Project Summary

NZTC launched a call for ideas that sought “new ways to stimulate flow”. Pragma presented their Variable Inflow Control Valve (now called Production Optimisation Valve) as a new and innovative solution to stimulate flow by overcoming the narrow operating range of existing inflow technology and reduce unwanted water or gas breakthrough in the well. Whist a variety of inflow control technology already exists, none have been able to operate in all conditions.

The valve can reduce unwanted production in two or three phase flow. Additionally, the capability for the valve to be adjusted for varying conditions means it can be used as a life-of-well solution and can minimise recompletion requirement when converting a well for other uses, such as injection or gas production.

The technology not only allows full control of the inflow characteristics of a compartmentalised reservoir, but also the ability to change, adjust, or tune the units once installed – without the requirement of mechanical shifting tools. It can be programmed to self-adjust based on a range of fluid parameters that it can detect, either immediately or later in its operating life. The unit can also have its modes changed once installed to restrict from one medium to another or adjust the amount by which it chokes flow.

NZTC supported the project to successfully demonstrate the technology to TRL 4.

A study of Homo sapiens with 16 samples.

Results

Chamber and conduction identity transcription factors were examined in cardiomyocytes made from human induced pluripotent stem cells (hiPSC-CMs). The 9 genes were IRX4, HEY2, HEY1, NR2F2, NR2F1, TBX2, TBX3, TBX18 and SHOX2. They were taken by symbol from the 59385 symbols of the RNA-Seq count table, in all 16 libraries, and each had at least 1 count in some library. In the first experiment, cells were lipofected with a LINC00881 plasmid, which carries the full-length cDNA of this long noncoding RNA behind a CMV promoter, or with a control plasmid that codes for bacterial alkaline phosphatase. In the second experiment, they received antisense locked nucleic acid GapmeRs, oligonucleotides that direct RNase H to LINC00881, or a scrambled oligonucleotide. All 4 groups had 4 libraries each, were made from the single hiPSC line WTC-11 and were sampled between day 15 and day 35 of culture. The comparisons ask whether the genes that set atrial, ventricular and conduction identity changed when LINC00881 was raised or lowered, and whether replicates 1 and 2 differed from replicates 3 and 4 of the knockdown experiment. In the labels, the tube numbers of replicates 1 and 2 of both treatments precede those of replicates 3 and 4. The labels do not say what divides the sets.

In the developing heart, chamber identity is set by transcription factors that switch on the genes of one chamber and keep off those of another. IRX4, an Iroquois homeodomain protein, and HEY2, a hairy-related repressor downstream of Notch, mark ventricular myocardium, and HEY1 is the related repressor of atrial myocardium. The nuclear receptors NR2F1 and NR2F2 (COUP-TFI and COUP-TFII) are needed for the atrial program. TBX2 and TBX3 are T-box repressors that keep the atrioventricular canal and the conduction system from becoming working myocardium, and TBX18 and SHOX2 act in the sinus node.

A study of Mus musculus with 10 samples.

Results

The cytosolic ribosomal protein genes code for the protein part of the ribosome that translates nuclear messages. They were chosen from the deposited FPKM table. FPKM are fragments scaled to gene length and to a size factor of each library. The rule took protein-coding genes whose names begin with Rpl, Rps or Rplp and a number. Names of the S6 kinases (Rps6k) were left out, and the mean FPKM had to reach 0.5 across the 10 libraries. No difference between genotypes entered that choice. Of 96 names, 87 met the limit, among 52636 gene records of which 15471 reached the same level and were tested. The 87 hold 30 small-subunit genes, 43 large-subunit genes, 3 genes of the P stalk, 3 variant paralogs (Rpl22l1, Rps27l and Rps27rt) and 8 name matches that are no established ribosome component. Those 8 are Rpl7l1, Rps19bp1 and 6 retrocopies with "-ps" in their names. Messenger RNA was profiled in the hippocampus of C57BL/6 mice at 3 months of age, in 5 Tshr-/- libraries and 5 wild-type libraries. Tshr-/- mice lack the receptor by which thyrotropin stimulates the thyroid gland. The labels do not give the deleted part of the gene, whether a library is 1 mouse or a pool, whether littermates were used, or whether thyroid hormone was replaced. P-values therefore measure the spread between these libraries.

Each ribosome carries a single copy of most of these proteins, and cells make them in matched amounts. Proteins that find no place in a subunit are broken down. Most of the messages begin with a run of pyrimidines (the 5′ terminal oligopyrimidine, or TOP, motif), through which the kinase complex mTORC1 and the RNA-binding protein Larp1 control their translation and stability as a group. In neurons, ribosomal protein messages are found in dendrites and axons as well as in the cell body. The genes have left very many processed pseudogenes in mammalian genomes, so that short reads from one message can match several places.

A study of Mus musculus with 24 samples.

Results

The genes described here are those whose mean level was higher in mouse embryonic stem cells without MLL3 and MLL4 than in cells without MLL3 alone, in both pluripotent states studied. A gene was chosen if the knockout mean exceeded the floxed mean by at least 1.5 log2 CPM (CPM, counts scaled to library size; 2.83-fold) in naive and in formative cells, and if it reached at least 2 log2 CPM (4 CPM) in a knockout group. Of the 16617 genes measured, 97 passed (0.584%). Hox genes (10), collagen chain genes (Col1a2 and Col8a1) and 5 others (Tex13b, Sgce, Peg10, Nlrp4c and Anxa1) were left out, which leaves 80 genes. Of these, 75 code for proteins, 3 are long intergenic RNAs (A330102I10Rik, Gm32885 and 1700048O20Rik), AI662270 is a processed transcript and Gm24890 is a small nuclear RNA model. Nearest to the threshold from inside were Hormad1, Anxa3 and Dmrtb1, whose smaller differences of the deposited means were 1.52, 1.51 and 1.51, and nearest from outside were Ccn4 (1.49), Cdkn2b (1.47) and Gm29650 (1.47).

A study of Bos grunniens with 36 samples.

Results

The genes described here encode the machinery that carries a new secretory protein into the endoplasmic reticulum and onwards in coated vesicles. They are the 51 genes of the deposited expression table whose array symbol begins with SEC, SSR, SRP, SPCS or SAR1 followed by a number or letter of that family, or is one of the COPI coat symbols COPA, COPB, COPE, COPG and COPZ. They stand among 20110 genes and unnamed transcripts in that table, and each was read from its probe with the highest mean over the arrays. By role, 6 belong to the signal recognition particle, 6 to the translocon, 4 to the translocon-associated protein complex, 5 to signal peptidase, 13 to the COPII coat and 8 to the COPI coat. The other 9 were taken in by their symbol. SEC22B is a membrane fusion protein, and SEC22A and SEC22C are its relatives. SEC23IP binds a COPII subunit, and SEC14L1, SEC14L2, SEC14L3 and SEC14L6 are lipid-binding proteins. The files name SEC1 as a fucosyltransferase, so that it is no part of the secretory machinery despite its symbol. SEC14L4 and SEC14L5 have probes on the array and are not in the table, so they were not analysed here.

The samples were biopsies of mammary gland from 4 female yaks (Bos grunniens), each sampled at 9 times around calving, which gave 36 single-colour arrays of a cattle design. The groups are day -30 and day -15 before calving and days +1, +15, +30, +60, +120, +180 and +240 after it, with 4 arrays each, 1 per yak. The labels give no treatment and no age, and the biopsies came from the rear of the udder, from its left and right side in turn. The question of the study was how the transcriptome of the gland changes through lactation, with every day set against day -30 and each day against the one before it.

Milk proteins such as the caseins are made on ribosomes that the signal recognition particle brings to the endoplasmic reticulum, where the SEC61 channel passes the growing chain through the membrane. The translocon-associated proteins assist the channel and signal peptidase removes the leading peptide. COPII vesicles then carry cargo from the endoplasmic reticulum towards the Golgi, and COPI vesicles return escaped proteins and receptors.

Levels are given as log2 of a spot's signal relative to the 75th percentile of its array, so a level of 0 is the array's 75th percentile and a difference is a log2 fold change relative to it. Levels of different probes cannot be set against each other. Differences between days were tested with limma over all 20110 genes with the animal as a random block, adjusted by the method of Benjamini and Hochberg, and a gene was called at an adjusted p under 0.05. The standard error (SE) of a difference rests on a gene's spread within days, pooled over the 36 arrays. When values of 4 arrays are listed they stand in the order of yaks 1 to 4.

Industry value:
Pragma has demonstrated a new tool for controlling reservoir inflow. The Pragma Production Optimisation Valve has discrete control of inflow, without the need for batteries or reliance on complex flow characteristics of mechanical solutions. The valve is a life-of-well, self-powered device that can sense several fluid parameters such as density, makeup, pressure, resistivity and also adjust the amount to choke flow, based on a range of parameters. The flow curves are not limited by a hard set, like mechanical counterparts, but can be completely non-linear and provide far greater operational efficiencies.

Key results:
Pragma delivered a fully-working, benchtop prototype – proven to choke back flow when its sense line was exposed to oil, or water, or an oil/water mix.

During the project, Pragma made several design iterations in three key areas:

  • The energy harvester
  • The low power valve mechanism
  • The electronics power storage, control, and fluid sensing capability

This enabled the team to find an efficient design and embodiment that would provide reliable operation in a range of flowing conditions. 3D printing proved to be a huge benefit for the prototype’s rapid development and is seen as the intended production method for a commercial product.

Pragma demonstrated the functionality of the system to NZTC demonstrating a working prototype in a test rig progressively shutting of flow when exposed to water or oil/water mixes. The demonstration also showcased the self-power generation of the valve. The system has shown its capability and demonstrated that it has applications out with the original scope as a ‘smart’ inflow control device. This includes enhancing well clean-up, staging flowback and managing bringing the well online, optimising water cut and changing the production profile throughout the life of the well.

Pragma has developed an entirely new type of completion tool which makes use of recent advancements in electronic capability and additive based manufacturing techniques. Subsequently, Pragma has renamed the technology Production and Reservoir Management Technology (PRMT).

Lessons learned:
The biggest development aid key to this project was in-house 3D printed prototyping. This allowed both a much faster development timeline and a greater understanding of real-world performance (and limitations) compared with purely analysis or simulation-based development.